Can you tell me the journal name, number, etc?

>From the abstract, it does look like the kind of study that improves
with reading against the grain. The obvious explanation for the result
is that toddlers imitate--they are equally likely to imitate the
actions, and faced with an adult to address they are much more likely
to imitate the explanation that has imiitable addressivity than the
one that does not.

Of course what we really want to know here is not that children will
imitate actions or that children will imitate the act of
addressing--it's the extent to which children are able to EXAPT, that
is, use something designed for one function in pursuit of some
completely new function (e.g. exapting reaching for pointing, in LSV's
famous example).

Kids have to learn very quickly that you can exapt a question to
realize a command ("Martin? Would you mind not chewing on Fluffy's
tail? You're going to make her very angry."). The problem I am having
with my teachers right now, to which I must turn very presently, is
that being adults they are much more likely to do this than to use
direct commands in class. Even questions are hardly ever direct ("Can
anyone tell me what this is?").

This results in constructions that the children simply cannot imitate,
and as a result Korean kids do not ask questions in class. I think
that this is nothing to do with Confucian thinking: if we look at the
data carefully we'll see that the kids ARE exapting--but they are
exapting statements as questions ("This is tail?") and not questions
as commands.


Yes, I knew about the Singing Neanderthals. But in my view this is not
really an archaeological dig; what we are really looking at is the
latest chapter of the great eighteenth century debate between Rameau
and Rousseau about whether language, and therefore rationality, came
first or music, and therefore passion. This is why, in Strauss's great
final opera Capriccio, the poet Olivier and the composer Flamand say:

Flamand: Die Klange der Natur singen das Wiegenlied allen Kunsten!
Olivier: Die sprache des Menschen allein ist der Boden dem si enspriessen!
Flamand: Die Schmerzensschrei gin der sprache voraus!
Olivier: Doch das Leid zu deuten, vermag sie allein!

(F: The cries of nature are what sing the lullaby of every art!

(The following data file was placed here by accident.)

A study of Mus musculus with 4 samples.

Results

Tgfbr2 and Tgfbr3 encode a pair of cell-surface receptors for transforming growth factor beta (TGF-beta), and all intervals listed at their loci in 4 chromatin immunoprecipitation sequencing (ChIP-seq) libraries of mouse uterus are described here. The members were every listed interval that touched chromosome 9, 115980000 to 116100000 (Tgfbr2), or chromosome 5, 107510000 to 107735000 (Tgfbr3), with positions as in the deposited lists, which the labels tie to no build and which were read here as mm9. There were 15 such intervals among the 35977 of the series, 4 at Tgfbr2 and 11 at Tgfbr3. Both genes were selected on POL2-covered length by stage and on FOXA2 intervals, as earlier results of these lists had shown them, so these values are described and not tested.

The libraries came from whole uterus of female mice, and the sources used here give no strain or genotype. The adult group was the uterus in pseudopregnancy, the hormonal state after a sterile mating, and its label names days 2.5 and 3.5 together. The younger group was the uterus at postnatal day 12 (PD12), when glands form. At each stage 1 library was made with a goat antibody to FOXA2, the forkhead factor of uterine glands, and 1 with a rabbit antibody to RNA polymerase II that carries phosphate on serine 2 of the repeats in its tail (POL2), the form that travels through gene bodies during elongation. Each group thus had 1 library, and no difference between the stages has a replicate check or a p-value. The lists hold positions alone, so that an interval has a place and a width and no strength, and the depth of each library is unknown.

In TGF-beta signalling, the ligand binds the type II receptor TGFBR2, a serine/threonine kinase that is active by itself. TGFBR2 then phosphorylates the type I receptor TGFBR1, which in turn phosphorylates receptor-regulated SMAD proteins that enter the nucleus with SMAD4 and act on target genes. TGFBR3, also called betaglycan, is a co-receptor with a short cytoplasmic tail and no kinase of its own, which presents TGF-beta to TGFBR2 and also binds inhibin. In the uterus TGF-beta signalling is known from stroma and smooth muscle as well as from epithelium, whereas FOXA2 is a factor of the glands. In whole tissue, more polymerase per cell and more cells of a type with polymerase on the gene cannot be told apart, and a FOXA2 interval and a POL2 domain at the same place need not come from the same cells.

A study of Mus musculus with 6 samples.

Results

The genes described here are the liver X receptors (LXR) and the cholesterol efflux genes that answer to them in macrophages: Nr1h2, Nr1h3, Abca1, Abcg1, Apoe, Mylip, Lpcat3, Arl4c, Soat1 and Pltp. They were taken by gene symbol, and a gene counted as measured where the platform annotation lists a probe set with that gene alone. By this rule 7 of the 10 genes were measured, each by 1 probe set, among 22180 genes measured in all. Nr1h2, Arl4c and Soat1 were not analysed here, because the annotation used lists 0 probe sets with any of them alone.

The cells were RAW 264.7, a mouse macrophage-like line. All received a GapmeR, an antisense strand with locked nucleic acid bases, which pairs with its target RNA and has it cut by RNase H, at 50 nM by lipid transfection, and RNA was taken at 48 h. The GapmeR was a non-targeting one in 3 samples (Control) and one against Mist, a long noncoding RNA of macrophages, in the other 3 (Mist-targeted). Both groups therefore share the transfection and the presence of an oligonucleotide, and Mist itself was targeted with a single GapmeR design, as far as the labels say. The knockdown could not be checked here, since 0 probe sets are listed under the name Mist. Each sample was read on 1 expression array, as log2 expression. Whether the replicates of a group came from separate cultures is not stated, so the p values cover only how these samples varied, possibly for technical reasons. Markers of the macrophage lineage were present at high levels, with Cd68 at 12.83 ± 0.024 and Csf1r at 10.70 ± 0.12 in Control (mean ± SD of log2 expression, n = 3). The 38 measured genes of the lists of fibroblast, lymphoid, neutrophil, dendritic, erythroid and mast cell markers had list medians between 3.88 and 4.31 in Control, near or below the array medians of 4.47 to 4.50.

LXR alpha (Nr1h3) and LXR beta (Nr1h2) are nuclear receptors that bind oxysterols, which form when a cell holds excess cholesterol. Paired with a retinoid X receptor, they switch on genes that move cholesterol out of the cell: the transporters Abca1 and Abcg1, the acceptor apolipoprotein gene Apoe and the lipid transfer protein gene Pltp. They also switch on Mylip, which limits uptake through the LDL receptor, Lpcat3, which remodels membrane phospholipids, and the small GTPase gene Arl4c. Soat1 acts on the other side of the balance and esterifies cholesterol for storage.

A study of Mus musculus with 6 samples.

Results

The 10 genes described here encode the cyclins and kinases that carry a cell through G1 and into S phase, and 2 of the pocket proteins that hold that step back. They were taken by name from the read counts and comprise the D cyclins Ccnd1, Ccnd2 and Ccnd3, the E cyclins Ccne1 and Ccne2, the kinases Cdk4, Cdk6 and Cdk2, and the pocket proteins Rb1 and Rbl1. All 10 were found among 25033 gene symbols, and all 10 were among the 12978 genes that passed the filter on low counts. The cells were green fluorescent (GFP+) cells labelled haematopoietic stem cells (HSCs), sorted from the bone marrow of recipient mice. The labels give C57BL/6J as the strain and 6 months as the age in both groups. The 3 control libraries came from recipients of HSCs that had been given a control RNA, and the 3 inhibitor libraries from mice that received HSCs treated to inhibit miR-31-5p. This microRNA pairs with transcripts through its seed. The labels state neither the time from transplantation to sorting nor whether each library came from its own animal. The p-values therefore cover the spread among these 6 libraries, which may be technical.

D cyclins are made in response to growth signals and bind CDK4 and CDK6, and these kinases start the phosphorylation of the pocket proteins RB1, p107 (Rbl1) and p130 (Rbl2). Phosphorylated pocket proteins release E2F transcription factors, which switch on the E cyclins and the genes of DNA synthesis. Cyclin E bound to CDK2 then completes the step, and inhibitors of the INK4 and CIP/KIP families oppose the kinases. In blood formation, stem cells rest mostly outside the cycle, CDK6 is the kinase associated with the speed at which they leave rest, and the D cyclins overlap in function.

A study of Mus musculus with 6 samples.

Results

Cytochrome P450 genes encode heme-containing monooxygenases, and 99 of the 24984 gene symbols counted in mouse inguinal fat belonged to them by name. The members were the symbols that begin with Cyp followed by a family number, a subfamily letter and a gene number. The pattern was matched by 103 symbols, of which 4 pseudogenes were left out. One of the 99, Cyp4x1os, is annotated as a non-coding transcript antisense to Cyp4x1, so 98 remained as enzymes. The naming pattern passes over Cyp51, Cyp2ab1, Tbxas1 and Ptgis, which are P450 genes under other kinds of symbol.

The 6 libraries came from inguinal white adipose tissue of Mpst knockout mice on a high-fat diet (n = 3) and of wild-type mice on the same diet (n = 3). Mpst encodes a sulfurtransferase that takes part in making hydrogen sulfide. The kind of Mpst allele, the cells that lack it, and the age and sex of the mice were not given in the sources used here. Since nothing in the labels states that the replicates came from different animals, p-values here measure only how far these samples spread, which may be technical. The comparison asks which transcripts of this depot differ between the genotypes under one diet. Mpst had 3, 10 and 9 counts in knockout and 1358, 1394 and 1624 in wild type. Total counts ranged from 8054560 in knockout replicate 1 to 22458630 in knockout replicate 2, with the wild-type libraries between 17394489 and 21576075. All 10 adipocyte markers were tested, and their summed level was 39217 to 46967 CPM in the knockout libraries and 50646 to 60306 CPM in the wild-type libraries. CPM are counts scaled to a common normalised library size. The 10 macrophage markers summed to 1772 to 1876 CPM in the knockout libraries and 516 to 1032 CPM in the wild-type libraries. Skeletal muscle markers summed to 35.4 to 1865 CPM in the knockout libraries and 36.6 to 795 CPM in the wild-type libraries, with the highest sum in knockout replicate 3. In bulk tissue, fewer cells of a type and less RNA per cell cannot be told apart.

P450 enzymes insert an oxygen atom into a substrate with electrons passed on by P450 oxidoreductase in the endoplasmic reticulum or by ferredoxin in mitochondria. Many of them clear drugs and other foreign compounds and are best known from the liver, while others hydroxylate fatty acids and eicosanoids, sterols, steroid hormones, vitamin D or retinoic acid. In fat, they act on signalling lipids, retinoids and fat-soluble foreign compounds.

O: But in the speech of man alone is the soil from which they spring!
F: The scream of pain comes to us long before speech!
O: But only words can explain it.)

All of which has to be sung with screams of pain (Strauss has, you
see, stacked the deck in Rousseau's favor). But maybe both singing and
speech are exaptations of something that is functionally neither and
not specific to humans at all, which for want of a better name we can
call activity WITHOUT thinking.

David Kellogg
Hankuk University of Foreign Studies

On 10 October 2014 04:20, Martin John Packer <mpacker@uniandes.edu.co> wrote:
> Or words, like tools, are polyfunctional, I suppose.
> Though it's more the distinction between core & periphery, actual & potential, meaning and sense. that I want to suggest is parallel. For example, here is a recent study where toddlers seem to be drawing this kind of distinction: between the things one *can* do with an artifact (in this case a toy), and what *we* do with the artifact. (I'm kinda reading against the interpretation of the authors, I grant you.)
> Young children use pedagogical cues as a signal that others' actions are social or cultural conventions. Here we show that children selectively transmit (enact in a new social situation) causal functions demonstrated pedagogically, even when they have learned and can produce alternative functions as well. Two-year-olds saw two novel toys, each with two functions. One experimenter demonstrated one function using pedagogical cues (eye contact and child-directed speech) and a second experimenter demonstrated the alternative function using intentional actions towards the object, but without pedagogical cues. Children imitated both functions at equal rates initially, indicating equal causal learning from both types of demonstration. However, they were significantly more likely to enact the pedagogical function for a new adult not present during the initial demonstrations. These results indicate that pedagogical cues influence children's transmission of information, perhaps playing a role in the dissemination of cultural conventions from a young age.
> Pedagogical cues encourage toddlers' transmission of recently demonstrated functions to unfamiliar adults
>         • Christopher Vredenburgh,
>         • Tamar Kushnir*and
>         • Marianella Casasola
> Martin
> On Oct 9, 2014, at 11:17 AM, mike cole <mcole@ucsd.edu> wrote:
>> Tools, like words, are polysemic, Martin, i take it.
>> mike
>> On Thu, Oct 9, 2014 at 8:02 AM, Martin John Packer <mpacker@uniandes.edu.co>
>> wrote:
>>> David,
>>> One could say, couldn't one, that a tool also has both a stable, customary
>>> pole of functionality and a broader range of potential, possible uses? A
>>> hammer, for example, is customarily used to drive nails, but it can
>>> potentially be used in a variety of other ways that are related, one might
>>> say metaphorically, to this core function.
>>> Martin
>>> On Oct 8, 2014, at 5:00 PM, David Kellogg <dkellogg60@gmail.com> wrote:
>>>> The idea that the latter is merely meaning potential and the former is
>>>> actual, realized, materialized meaning comes straight from Halliday.
>>>> But the (for me, linked) idea that the latter is the most stable pole
>>>> of word value and the former the least so comes straight from
>>>> Volosinov, who influenced Halliday via the Prague linguists.
>> --
>> It is the dilemma of psychology to deal with a natural science with an
>> object that creates history. Ernst Boesch.